A question that homeowners often ask about steel roofing is “Will a steel roof be noisy when it rains?”. We’ve created this fact sheet to help answer that question. Residential steel roofing is available in many shapes and forms. The forming process provides not only strength, but when coupled with high quality build finishes, absorbs and deadens much of the noise. With the home insulation standards of today, you should not notice any difference in noise levels between roofing materials.
The roofs that gave steel a reputation for being noisy were the ones installed generations ago with nothing between the steel panels and the buildings below except wood purlins and thin air which left nothing to deaden the sound.
But that is not how residential re-roofs are done today. Today, most houses (especially ones that currently have shingles) use a plywood or OSB roof deck over top of the rafters or trusses. But is that enough to quiet the noise
Common Noise Levels
Noise levels are measured in decibels (dB) with 10-15 dB being the quietest sound that most people can detect. Safety standards say that exposure to noise over 85 dB can impair an individual’s hearing over time. It is also worth noting that most humans cannot distinguish between sounds that are 5-8 dB apart.
We wanted to know for sure so we partnered with the National Research Council of Canada (NRC) to test the noise level of an asphalt roof as well as two popular steel roofing profiles installed in 2 different assemblies.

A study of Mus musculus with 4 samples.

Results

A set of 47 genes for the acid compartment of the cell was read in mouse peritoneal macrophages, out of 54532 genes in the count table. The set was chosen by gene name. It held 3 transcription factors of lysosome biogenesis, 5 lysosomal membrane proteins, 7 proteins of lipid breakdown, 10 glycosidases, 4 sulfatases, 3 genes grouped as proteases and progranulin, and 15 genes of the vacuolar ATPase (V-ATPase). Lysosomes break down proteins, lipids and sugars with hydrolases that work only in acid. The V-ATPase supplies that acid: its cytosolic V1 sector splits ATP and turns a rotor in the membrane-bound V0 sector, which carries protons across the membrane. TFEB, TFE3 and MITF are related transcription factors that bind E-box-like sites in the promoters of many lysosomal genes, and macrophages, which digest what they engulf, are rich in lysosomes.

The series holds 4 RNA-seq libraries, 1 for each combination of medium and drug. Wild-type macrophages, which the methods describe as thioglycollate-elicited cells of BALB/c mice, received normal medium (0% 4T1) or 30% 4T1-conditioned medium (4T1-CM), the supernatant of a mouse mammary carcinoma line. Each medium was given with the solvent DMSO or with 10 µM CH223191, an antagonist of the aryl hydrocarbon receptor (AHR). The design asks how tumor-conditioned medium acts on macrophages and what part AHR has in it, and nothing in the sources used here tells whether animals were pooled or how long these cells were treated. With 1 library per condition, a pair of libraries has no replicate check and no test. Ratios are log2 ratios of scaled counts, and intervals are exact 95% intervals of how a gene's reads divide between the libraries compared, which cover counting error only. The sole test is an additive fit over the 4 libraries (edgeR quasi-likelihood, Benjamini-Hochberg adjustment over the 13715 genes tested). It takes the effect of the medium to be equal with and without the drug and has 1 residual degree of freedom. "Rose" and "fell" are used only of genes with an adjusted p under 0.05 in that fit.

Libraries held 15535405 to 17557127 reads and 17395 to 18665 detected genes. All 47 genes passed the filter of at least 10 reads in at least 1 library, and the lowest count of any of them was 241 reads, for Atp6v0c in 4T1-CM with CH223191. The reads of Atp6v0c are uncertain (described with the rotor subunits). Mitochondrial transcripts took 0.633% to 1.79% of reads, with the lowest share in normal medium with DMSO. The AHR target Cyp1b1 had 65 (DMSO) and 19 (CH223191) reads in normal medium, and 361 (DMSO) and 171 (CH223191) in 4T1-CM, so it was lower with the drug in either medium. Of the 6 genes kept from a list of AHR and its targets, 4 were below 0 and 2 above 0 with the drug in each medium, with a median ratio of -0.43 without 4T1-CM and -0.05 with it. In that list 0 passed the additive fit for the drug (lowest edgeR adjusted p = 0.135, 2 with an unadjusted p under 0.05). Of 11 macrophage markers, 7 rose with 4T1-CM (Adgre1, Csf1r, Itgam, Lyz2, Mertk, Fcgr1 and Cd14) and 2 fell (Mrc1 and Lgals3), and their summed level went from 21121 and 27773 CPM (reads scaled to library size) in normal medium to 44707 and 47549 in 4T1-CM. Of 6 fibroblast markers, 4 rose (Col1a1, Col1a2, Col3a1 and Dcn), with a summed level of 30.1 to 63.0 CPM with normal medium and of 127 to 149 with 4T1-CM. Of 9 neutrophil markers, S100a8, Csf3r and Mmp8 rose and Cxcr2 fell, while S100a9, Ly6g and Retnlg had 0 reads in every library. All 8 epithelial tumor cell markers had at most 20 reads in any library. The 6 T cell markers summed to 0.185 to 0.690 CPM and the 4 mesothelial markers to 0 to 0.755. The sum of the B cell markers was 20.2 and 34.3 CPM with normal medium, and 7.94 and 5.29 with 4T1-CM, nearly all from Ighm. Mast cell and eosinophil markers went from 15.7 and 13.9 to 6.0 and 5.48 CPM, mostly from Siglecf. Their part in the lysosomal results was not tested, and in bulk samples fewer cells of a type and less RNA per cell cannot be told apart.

The 5 assemblies we tested were:
|Assembly Materials and Set-up|
|Roof A||Asphalt shingles on OSB sheeting|
|Roof B||Steel-tile panels screwed directly on asphalt shingles|
|Roof C||Vertical rib steel panels screwed directly on OSB sheeting|
|Roof D||Vertical rib steel panels screwed directly on asphalt shingles|
|Roof E||Steel-tile panels screwed directing on OSB sheeting|
The results of our research are in the graph below and are compared to some common everyday noises.
Quick Tips for a Quiet Roof
As you can see from the graph, an asphalt roof is technically quieter than the 2 steel profiles we tested but only marginally and again we note that most humans cannot distinguish between sounds that are 5-8 dB apart.. Installing a steel roof over a solid deck with a good underlayment, and with an insulated attic airspace below, makes it easy to control the noise.